So sacred is the American holiday-shopping season that Franklin Roosevelt officially moved Thanksgiving from the last Thursday in November (for years like this, with an extra one) to the fourth, to give retailers an edge. They'll need it this time around, as darkened Broadway theaters and striking Hollywood writers dampen the holiday spirit, toys have gotten scary, gas prices trudge ever upward, the dollar slips ever lower, and the credit crisis makes people feel poorer even if they aren't in foreclosure. One marketing firm predicts a "blue Christmas," citing slumping sales of tinsel as a leading indicator; 27% of shoppers say they'll be spending less this year.
To make matters worse, retailers must dodge the cultural crossfire that accompanies holiday fund-raising drives by activists on all sides. Environmentalists push Buy Nothing Day, an international shopping fast that urges people to "seek out greener alternatives to unrestrained consumption." The ACLU offers "talking points" in case Uncle Harry asks why the ACLU hates Christmas so much: Tell him "we work year-round to ensure that everyone in America has the freedom to practice their own religion (or no religion) and to keep the government out of religion."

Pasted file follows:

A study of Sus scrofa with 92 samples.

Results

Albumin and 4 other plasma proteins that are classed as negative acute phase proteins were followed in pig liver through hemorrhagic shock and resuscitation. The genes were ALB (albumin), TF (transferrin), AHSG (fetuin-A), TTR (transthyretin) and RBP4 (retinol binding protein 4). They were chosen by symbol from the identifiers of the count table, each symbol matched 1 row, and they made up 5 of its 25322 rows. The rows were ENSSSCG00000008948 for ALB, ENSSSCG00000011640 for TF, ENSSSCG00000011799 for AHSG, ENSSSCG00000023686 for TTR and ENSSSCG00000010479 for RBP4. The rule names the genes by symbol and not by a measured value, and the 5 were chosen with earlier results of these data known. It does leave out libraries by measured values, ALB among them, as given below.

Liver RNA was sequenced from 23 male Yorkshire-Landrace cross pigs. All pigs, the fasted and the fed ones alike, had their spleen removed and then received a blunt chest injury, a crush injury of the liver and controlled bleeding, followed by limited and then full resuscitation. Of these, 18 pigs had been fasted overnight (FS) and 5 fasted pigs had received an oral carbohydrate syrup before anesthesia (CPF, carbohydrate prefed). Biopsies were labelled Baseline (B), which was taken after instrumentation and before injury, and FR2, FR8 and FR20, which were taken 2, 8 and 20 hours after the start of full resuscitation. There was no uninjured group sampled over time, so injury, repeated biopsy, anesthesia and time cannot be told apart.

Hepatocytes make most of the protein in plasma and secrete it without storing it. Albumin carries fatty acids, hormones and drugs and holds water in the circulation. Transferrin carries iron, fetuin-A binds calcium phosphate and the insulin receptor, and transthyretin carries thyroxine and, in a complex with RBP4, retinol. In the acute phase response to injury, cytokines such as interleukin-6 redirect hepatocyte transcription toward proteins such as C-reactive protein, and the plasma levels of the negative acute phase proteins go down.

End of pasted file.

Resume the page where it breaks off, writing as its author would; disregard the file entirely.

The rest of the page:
Meanwhile, the American Family Association's Project Merry Christmas targets stores like Lowe's for advertising "family trees" instead of Christmas trees in its catalog. Having seen the boycotts of yore, Lowe's energetically apologized, citing a "breakdown in the proofing process."
Seasonal sensitivities have gone global: a story out of Australia made headlines worldwide after a department-store Santa reported being told not to say "Ho, ho, ho" for fear of offending women. (Santa's employment agency insisted it was actually worried about frightening small children and recommended a gentler "Ha, ha, ha" instead.)
Yet Pat Robertson observed on The 700 Club that wreaths and Christmas trees are hardly worth defending, since they are pagan relics and "are not an integral part of Christianity." You have to pity the civilian shopkeeper, caught in a war whose combatants don't even agree on which symbols are worth fighting over.